In the late rainy winter of 1989 my mother came home from Disneyland and sat down in the family room with my father, my sister and me and said, "your dad and I are getting a divorce."
After the parents split, my father packed up and moved into a one-bedroom apartment a few blocks away, next door to a senile old woman who thought he was her son and kept trying to give him lunch money. He briefly became a member of the National Rifle Association and went from time to time into the hills outside Salem, Oregon to shoot up milk jugs with his .303 British rifle - his way of getting the post-divorce bugs out of his system, I suppose.
Part of my father's move involved a divvying up of the parents' music collection. My mother kept the LPs by Bread, the Carpenters and the Bee Gees, while my father carted off a box full of Tammy Wynette, Ray Stevens, the Heritage Singers and, because he was in his Gloria Estefan phase, the Miami Sound Machine's Primitive Love album. To this day, the thought of my father - a reserved 34 year-old divorced man - alone in his apartment with a World War II-era rifle and his Miami Sound Machine cassettes remains a puzzling image. Contrary to Gloria's threats to the contrary, however, I'm confident that the rhythm never, in fact, got him.
My sister and I spent alternating weekends with my father back then. One Saturday morning as he sat reading the Statesmen-Journal - waiting for us to get ready for church - my father's face suddenly went pale with worry. I was buttoning my shirt when he looked up at me and, reading with alarm from the paper, informed me that Gloria Estefan had sustained critical injuries in a tour bus accident.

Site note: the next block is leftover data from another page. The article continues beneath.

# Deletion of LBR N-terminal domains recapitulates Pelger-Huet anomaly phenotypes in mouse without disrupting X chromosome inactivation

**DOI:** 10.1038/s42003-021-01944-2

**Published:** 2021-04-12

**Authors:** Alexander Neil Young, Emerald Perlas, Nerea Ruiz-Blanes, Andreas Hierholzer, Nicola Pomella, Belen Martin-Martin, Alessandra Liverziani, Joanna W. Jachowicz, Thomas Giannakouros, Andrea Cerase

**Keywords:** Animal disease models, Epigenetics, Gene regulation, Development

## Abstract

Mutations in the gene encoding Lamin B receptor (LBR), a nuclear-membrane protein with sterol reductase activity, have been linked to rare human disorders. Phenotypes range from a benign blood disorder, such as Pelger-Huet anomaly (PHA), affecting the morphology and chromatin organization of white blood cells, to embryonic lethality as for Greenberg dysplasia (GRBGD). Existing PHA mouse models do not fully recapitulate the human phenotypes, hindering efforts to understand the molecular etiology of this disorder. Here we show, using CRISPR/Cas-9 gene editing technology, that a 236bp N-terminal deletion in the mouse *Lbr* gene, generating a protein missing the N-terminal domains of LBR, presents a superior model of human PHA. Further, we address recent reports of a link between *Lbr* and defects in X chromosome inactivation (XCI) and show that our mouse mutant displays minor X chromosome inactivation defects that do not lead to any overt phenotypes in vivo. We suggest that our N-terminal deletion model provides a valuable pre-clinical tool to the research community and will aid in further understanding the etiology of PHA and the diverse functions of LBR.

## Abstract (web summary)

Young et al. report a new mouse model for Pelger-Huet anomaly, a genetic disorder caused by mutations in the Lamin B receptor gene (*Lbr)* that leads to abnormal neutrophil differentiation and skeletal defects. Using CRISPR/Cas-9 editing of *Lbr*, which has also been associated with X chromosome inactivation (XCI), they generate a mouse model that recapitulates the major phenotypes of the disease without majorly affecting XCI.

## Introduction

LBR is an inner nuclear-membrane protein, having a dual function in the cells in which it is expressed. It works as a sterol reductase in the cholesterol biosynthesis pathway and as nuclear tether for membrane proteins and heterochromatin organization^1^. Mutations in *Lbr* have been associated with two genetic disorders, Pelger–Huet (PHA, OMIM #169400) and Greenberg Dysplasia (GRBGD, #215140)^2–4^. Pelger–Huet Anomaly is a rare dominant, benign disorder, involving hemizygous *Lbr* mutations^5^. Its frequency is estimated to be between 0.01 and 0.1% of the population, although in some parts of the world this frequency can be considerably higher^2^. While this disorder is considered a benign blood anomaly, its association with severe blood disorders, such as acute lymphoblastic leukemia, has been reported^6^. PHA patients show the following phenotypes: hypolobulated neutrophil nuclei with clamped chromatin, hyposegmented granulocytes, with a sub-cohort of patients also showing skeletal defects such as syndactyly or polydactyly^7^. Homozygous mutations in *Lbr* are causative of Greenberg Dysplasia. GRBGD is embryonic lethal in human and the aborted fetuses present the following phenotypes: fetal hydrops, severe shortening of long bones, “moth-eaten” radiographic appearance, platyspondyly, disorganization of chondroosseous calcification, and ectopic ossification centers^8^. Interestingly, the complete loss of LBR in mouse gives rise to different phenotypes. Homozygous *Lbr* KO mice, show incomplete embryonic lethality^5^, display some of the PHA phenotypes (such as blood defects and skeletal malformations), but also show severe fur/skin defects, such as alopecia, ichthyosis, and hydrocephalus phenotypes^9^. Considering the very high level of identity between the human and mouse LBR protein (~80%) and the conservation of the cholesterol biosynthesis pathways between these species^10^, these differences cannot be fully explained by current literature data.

"Hmph," he said, as he says about everything, when he finished reading.
"You know she's Cuban, right?" he asked us as he drove us back to our Mom's house the next afternoon at the end of another shared-custody weekend. Estefan's Cuts Both Ways cassette was on repeat in his Nissan Sentra's stereo.
"She married her producer, Emilio."
He chewed over the name aloud a few times. Emilio. Ehhh-Meee-Leee-ooooo. Emily-O.
"He's probably Cuban, too, wouldn't you think?" he said, obviously making a mental note to check into that.
Later that week he phoned us up at our mother's house to confirm that, yes, Emilio was indeed Cuban, but of Lebanese extraction. That my dad should know these things, much less care, didn't seem at all strange to me at the time. I figured that all fathers knew of such matters, that it was a paternal duty, genetically hardwired, to teach one's son about cars, sports, sex, money and the personal life of Gloria Estefan.
At that age, my musical worldview started and ended with the playlist of K-103 FM ("playing Portland's soft rock favorites from yesterday and today"). If you couldn't hear it there, chances are I didn't know about it. Back in those days, an admission ticket to the Oregon State Fair included whatever musical act was playing that day. Taking advantage of this, we usually spent multiple days with the parents at the fair, taking in the likes of Richard Marx and Kenny Loggins at the LB Day Amphitheater. The Miami Sound Machine, much to my father's dismay, never played the Oregon State Fair and he was forced to settle for the company of his cassettes.
Only later did it occur to me, when my friends told me of their world-changing discoveries of Eat a Peach or Bitches Brew in the family attic, that I may have been shortchanged in my early exposure to popular music. But you never know: perhaps there will come a day when a working knowledge of Gloria Estefan's discography will come in useful, though I'm not sure that's a world in which I want to live.